CITY HALL — The Los Angeles Marathon on Tuesday got a preliminary nod from the City Council to locate the final leg of its 2010 race in Santa Monica, a course that’s been dubbed the Stadium to the Sea.

The council instructed its staff to return with an ordinance or policy change that would allow marathons to be held in the city where only 5 and 10K runs are currently permitted. The staff will also meet with marathon officials to negotiate the proposed route, which in Santa Monica would go down San Vicente Boulevard, heading south on Ocean Avenue to Barnard Way and concluding just beyond the border in Venice. The race was initially thought to end in Santa Monica but a final decision on the exact location of the finish line has not been made.

The race, scheduled for March 21, will begin at Dodger Stadium.

Frank McCourt, who bought the 24-year-old organization late last year, said his goal is to put on a marathon that enhances the quality of life that city officials want to protect, involving businesses, charities and the greater community in the event.

“The vision for the marathon I think is fairly clear, this notion of a world-class event running from the stadium to the sea through and around the iconic places within this great region,” McCourt, who also owns the Los Angeles Dodgers, said.

The marathon, which reportedly raised $1.6 million for charities in 2008, has identified Heal the Bay, Sojourn Services of OPCC and Students Run L.A. as beneficiaries next year.

A half-marathon has also been proposed to be held just three weeks before the bigger name event, going along Ocean Avenue before branching off to Moomat Ahiko way, traveling up Pacific Coast Highway to Sunset Boulevard before returning to Santa Monica and concluding at the 1440 lot just north of the Santa Monica Pier. The Santa Monica-Malibu Education Foundation, which is launching an athletics endowment next year, is slated to be the sole beneficiary of the half-marathon.

Elaine Polachek, the deputy city manager, said during an interview on Wednesday that she expects the date for the half-marathon to change because it’s scheduled too close to the L.A. Marathon, which is far along in its process having received approvals from the cities of Beverly Hills, Los Angeles and West Hollywood.

While holding such races in Santa Monica is expected to reap economic benefits in the form of more revenue from sales and transient occupancy taxes, city officials said they anticipate adverse impacts, including traffic congestion and stresses on law enforcement and public safety efforts.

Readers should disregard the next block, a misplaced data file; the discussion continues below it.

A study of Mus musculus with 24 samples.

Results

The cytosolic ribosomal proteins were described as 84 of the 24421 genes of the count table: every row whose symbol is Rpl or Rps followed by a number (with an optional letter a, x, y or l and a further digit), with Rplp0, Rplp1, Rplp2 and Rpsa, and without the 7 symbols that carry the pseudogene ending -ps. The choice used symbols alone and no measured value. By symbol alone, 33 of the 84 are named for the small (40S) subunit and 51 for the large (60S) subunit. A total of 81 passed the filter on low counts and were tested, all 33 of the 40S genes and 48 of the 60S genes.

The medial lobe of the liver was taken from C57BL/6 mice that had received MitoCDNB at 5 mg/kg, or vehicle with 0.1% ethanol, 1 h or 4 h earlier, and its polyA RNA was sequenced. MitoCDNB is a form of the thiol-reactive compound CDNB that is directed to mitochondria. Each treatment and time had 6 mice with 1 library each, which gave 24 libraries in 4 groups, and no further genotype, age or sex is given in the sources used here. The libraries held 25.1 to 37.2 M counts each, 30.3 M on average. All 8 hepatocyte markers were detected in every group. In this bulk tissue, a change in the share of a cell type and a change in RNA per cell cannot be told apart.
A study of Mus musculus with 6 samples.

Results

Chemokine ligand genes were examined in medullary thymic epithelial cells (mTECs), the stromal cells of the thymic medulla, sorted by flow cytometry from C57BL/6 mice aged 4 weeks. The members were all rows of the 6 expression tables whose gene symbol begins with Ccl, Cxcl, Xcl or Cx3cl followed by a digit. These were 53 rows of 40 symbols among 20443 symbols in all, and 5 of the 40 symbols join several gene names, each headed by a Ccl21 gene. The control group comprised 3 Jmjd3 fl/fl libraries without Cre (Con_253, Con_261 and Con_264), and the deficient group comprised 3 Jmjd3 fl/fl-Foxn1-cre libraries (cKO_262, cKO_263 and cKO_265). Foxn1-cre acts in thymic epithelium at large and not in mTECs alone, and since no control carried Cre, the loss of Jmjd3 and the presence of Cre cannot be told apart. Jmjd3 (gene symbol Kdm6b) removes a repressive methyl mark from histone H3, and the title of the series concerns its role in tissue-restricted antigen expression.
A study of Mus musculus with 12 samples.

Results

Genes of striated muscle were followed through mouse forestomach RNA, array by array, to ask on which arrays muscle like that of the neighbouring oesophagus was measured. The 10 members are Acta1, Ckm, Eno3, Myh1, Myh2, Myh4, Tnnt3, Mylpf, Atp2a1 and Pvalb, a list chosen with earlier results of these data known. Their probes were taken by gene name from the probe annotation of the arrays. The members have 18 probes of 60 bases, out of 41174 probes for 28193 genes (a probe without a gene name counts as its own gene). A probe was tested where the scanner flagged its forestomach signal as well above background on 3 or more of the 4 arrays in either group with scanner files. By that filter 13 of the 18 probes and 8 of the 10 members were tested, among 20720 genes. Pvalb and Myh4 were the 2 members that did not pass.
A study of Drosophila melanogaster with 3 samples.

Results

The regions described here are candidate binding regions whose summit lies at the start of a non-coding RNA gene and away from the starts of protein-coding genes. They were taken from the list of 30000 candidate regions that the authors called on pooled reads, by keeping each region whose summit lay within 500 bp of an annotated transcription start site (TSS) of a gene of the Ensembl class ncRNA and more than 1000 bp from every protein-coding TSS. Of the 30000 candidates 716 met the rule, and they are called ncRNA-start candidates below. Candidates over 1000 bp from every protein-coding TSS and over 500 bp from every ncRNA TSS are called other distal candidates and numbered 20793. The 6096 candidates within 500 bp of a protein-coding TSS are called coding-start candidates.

SMPD Chief Tim Jackman said he plans to seek assistance from neighboring law enforcement agencies, noting that such a large-scale event, which attracts about 25,000 runners, would result in significant parking and traffic impacts.

He added that most in his department was not around for the last marathon in the city, which was held in 1984, but believes that his staff will be well prepared.

“This will essentially for most of my staff be a completely new exercise, but we think we can support the event and make sure it’s done safely and appropriately from a police perspective,” he said.

For the Santa Monica Fire Department, the race could mean an increase in demands for medical attention that day.

Based on figures from previous marathons across the region, Fire Chief Jim Hone said he anticipates anywhere from 15 to 30 patients to be transported to area hospitals at the conclusion of the race.

Both chiefs said that they had concerns with the half-marathon, primarily with the short break between it and the L.A. Marathon. Jackman said he also had concerns with the half-marathon’s proposed course on Pacific Coast Highway.

Aside from routes, city officials expressed enthusiasm for the idea of having such a high profile race in Santa Monica.

“Not only are we talking about events that will be exciting for the community, but events that have long-term benefits for the community,” Councilmember Gleam Davis said.